Jawing, trash talking and good old-fashioned arguments have been part of coaching since the 1800s. In the Big Ten, it usually meant Woody Hayes and Bo Schembechler had a civil disagreement. The latest spat involves two coaches who have never coached in the Big Ten and one team that isn’t even officially in the conference: Penn State’s James Franklin and Maryland’s Randy Edsall.
Since leaving Vanderbilt for Penn State in January, Franklin’s made quite a splash. At his introductory press conference, he said the Nittany Lions would dominate the recruiting region. Those comments came with a nod and a wink toward Urban Meyer. But Franklin’s lived up to his declaration by securing commit after commit and placing Penn State in the top five nationally.
He made more headlines in May when, during a speech in Baltimore, he declared Maryland as in-state territory for the Nitttany Lions, and continued by saying other schools in the region “might as well shut them down because they don’t have a chance.”
To the surprise of no one, Edsall rolled his eyes at the slight.
“We’re not going to boast and brag,” he said this week at a charity golf outing in York, Pa., two hours from State College. “We're more about substance at Maryland. We’re going to find guys that fit the profile we’re looking for. We’re going to worry about ourselves and not worry about anything else. Talk is cheap.”
And with that, the Penn State-Maryland rivalry became one to watch in the Big Ten.
Upon closer examination, Franklin’s comments, while brash and reeking of arrogance, do contain slivers of truth. Penn State currently has the nation’s third-ranked recruiting class – and three commits are from Maryland and one is from Washington, D.C. The Terrapins’ class is ranked more than 30 spots lower and has zero Pennsylvanians.
The schools meet Nov. 1 at Beaver Stadium to renew a one-sided rivalry. In the 37-game history, Penn State’s won 35 times with one tie. Edsall believes it could grow into an attractive rivalry, and he’s right – if Maryland makes it competitive.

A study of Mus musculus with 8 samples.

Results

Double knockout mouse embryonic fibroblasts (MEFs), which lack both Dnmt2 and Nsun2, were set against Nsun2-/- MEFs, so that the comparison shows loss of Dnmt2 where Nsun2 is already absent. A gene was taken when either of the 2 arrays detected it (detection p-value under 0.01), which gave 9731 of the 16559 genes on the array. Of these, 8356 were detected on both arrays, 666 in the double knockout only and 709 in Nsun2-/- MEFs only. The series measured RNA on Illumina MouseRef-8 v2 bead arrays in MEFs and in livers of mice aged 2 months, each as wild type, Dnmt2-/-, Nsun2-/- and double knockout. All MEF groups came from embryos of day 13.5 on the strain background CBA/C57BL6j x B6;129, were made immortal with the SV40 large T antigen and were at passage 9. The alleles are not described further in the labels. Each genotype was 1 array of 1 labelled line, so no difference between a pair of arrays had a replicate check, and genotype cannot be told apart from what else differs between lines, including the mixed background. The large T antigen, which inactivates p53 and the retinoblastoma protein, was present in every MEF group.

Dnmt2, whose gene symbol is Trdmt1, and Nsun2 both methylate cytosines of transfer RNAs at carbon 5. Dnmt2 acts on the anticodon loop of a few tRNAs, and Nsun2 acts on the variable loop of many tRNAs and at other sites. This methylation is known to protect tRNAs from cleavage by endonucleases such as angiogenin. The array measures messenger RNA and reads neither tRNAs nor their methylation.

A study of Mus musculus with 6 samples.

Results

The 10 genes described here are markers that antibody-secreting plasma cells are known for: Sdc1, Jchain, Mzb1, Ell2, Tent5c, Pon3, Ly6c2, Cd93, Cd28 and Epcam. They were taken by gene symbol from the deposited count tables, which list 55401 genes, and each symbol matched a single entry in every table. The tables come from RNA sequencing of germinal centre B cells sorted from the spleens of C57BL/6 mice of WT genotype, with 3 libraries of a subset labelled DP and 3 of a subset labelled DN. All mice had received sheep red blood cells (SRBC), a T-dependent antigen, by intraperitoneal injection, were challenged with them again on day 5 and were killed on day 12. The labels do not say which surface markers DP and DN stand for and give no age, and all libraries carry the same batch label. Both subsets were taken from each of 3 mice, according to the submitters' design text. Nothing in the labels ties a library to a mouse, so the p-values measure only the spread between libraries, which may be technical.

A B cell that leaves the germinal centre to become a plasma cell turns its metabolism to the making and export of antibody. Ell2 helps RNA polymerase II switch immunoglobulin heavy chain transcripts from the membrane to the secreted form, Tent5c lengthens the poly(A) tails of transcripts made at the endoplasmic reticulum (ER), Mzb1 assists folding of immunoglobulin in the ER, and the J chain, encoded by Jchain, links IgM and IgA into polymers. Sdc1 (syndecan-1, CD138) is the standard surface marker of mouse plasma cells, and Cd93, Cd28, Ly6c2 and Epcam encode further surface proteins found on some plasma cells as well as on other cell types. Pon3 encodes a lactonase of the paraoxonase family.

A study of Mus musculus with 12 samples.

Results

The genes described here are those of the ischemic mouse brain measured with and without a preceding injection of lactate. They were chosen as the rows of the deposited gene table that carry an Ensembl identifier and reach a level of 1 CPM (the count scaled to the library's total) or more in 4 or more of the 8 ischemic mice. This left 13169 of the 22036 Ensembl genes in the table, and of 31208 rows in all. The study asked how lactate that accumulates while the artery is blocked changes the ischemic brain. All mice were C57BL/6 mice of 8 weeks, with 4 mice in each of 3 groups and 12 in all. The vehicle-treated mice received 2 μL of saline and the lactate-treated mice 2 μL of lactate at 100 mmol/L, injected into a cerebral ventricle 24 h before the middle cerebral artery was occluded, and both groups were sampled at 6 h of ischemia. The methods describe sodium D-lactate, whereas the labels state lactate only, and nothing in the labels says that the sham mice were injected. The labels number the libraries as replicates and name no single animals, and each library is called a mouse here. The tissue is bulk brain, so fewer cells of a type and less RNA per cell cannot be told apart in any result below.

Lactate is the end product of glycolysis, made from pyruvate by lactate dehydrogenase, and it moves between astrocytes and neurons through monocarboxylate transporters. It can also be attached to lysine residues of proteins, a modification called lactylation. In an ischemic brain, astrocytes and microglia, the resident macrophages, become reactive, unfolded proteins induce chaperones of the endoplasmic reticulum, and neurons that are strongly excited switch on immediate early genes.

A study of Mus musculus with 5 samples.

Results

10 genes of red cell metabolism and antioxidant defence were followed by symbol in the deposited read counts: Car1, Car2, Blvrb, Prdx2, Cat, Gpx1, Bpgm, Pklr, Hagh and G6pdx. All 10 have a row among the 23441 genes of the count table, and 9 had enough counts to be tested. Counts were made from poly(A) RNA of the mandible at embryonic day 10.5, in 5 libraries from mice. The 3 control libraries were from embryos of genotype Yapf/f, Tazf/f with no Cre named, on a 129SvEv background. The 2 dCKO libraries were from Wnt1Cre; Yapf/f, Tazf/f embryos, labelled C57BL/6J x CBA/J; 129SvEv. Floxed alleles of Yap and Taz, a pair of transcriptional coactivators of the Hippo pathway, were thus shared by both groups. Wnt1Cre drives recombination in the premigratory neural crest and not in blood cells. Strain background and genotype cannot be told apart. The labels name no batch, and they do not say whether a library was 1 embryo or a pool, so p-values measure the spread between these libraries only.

So far, the coaches war-of-words has acted as gasoline on an already simmering feud. Teams take on their coach’s personality, meaning a trickle down effect at Penn State and Maryland would lean to on-field differences.
“I think it’s just a natural fit. It’ll be fun to play,” Edsall said. “They’re a good program and good school. Being a border rival is something, to me, that will be exciting for both schools.”
When Edsall left Connecticut, many in the coaching fraternity were not pleased. Not because he left for a better job, but the way he handled it. Now, Franklin’s brash style is likely not endearing himself to colleagues. Bret Bielema and Tim Beckman have experienced similar declines in reputation from Big Ten coaches in recent years.
Even non-Big Ten coaches have commented on Franklin.
“People can talk all they want, the actions are going to speak loudest,” Pitt head coach Paul Chryst said.
In 2016, Chryst will have the opportunity to make his actions speak with thunder when Pitt and Penn State begin a four-year series. The Nittany Lions begin a yearly meeting with old rival Rutgers this season, another school on Franklin’s scorched earth policy.
Rutgers head coach Kyle Flood has said nary a word relating to Franklin or Penn State. That’s because he refuses to mention them by name, opting instead to call them “the team from Pennsylvania.” There’s been plenty of negativity toward the blue and white in New Jersey.
The new few years could be hard on Penn State, depending on how well suited it is with depth. If that’s the case, Maryland, Rutgers and other Big Ten foes could take it out on Franklin. In a conference that welcomes national attention, adding flavor to otherwise bland rivalries is a welcome development.